Sunday, November 22, 2009

'Foster's Tent ' part one: Fishing I5

I left for Oregon Tuesday and made it to 'Valley of the Rogue State Park' that night. It was raining and dark when I arrived. Tired, bleary eyed, I found a campsite one hundred yards from the piece of river I planned to fish the following morning.
Fishing sites along Highways is not to encounter wilderness in its pristine form. Often the sound of the rush of traffic is equal to the rush of the river and it is as common to snag a stray shopping cart as to hook a wild fish. But, these are the times we live in and I consider it a kind of reality check to fish 'trampled' waters.
After a good night's sleep I had no luck at this I5 hole. I did find a good cup of coffee in the town of Rogue River and this I sipped with warm satisfaction on my way through Merlin to 'Carpenter's Island'. There after fording chest high cold water I got to the island that cuts the Rogue almost in half. After a few hours of flogging the water, I found my way to success.
It happened as I was negotiating my way around a bush that was hanging out into the river. I was holding my rod away from the tree and grabbing a branch for balance as I manoeuvred my way about it. Having not reeled in my gear, the line floated freely, the fly anonymously downstream when like the flash of the paparazzi camera my fly was recognized in its aquatic milieu. The loosely held rod popped out of my hand; pulled away by an adoring fan. Watching my rod swim rapidly down stream, I realized I must act. I dove into the frigid river head first in time to catch the butt of the rod. Pulling myself and the rod up out of the water I felt the big fish tugging. As cold water moved inside my waders from my upper body, to my yet warm crotch, to my extremities I struggled to gain control of the fish. Just about as the water reached my feet the fish got off. Alas, though soaked and cold, I now knew how to fish. Comfort - a small price to pay for knowledge.
Armed with with the knowledge of what the fish were biting and how they like it served, I retreated to the my van for fresh clothes and a trip to Merlin. It wasn't long before I was back on the river (this time at 'Ennis Riffle') with dry clothes, a full belly and renewed confidence. What I had found was working was, one, a hanging fly after a long swing and, two, a brown 'Woolly Bugger'- a perfect combination for a spey rod.
I fished 'Ennis' the rest of the day and caught the fish shown in the picture, camped there that night and refished, with success, 'Carpenter's Island the next morning. I then started to make my way back south to my ultimate destination of the McCloud to meet up with Tom, Dave and Chris at Foster's Tent at Ah-Di-Nah to close the season.
On the way back south, again on I5, I passed over the Upper Klamath river. Remembering what the venerable Dunsmuir angler, Joe Kimsey, had said about fishing the upper river at that time of year, I pulled off at the rest area and drove up the dirt road that follows the river. There, the river is banked on one side by I5 and the other by soggy pasture land. When Joe first fished it, I5 did not exist. Instead, Route 99 wound its way around rugged rock outcroppings and the creosote bush of this high desert plateau and the kinetic energy of the river surpassed by that of the road. No more, now I5 is a main artery of commerce between the Pacific Coast states. Twenty-four/seven, in the once isolated valley where the Klamath River is bridged, the human presence at rest at the the rest stop and in motion on the hyway, is equal to that of a small town. Some day when humanity has lost its grip on this planet, the river's sound in the riffles and rocks will again be heard, but now it is the rush of big rigs, the percussive thumping of tractor trailer air brakes and the whoosh of cars that dominate. Nevertheless, the river flows here pretty much as it has for a millennium and beneath the waters, where the fish are, it is quiet.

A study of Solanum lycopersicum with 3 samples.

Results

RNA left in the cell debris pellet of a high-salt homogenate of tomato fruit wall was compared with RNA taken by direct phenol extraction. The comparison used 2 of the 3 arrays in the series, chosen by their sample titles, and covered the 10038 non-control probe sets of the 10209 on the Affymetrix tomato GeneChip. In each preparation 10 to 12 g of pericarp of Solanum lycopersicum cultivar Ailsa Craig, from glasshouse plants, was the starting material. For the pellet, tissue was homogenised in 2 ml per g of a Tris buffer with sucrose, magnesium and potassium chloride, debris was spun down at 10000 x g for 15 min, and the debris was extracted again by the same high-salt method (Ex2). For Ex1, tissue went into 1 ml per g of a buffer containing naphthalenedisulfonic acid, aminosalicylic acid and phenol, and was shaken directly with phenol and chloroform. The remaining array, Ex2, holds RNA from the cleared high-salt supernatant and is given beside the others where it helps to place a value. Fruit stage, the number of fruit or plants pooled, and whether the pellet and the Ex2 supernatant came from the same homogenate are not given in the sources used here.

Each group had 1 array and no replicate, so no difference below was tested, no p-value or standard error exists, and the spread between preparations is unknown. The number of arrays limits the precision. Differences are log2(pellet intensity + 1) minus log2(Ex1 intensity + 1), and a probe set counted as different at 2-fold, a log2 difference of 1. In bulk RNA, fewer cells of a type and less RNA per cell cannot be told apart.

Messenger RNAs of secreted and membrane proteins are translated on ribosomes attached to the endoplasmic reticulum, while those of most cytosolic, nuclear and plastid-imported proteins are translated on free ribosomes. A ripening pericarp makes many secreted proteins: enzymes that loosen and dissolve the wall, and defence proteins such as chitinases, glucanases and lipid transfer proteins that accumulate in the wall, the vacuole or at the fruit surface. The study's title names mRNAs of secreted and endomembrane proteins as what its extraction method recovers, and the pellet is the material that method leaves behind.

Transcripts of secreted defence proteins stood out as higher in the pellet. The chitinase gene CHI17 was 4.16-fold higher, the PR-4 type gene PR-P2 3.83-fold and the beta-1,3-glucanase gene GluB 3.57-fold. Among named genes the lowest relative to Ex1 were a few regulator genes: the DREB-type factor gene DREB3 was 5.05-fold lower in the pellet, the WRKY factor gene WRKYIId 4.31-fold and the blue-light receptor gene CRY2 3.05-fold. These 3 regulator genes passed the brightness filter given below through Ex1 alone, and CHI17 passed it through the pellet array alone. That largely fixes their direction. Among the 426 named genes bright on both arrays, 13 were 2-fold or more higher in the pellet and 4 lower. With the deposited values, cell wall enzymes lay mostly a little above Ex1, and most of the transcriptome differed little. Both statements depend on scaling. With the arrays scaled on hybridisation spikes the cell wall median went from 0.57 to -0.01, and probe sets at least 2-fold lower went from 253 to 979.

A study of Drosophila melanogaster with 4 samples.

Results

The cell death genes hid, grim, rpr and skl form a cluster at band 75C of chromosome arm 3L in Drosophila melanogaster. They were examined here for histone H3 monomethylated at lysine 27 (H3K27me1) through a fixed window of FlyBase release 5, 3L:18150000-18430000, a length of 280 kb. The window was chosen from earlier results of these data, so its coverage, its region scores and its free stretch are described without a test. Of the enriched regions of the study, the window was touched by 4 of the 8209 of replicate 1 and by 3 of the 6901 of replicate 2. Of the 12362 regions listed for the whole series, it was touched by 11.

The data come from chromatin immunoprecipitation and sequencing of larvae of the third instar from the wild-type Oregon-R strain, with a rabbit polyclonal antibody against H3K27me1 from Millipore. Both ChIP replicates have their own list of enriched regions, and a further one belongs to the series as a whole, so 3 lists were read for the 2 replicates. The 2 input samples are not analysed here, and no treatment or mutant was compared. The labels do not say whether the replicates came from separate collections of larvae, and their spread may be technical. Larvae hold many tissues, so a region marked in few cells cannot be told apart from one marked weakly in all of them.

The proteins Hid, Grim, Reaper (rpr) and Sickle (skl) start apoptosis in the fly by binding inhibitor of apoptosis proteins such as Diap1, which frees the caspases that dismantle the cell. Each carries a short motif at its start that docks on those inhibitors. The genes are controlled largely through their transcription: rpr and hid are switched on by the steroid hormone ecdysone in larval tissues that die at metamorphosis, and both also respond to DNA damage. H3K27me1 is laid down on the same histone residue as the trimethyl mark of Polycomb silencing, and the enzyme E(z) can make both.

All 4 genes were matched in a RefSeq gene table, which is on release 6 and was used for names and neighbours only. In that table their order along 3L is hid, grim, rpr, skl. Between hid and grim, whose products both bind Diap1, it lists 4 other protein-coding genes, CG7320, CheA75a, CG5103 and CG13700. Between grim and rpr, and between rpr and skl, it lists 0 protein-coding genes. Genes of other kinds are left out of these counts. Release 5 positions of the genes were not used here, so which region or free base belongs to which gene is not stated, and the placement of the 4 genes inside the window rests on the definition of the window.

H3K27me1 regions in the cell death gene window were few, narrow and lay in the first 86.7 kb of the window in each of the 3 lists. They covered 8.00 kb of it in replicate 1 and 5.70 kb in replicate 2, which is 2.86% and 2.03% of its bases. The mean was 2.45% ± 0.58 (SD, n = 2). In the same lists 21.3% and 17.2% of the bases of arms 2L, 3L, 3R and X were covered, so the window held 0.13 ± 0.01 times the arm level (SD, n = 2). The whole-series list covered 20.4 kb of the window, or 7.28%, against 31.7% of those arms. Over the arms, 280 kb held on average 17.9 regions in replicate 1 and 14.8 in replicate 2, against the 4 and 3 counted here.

After a few tries at different spots I find a likely looking length of river where the rocks bend the flow to make probable holding areas for migrating fish. Since my spey rod was still rigged up from the Rogue and, I know no better, I employ the same trick here on the Klamath as worked on the Rogue. Sure enough after a few tries the fly is stopped and I have a fish on. This one gives me quite a fight and when I finally land it I see it is larger than the Rogue fish and from the unclipped dorsal fin I know it is wild. My fly is hooked deeply and with a sinking heart I see some blood pumping though its gills. I clip my fly and while holding the fish in the current I don't see more blood. Feeling sad and victorious I watch it swim away and allow myself a little hope for its survival.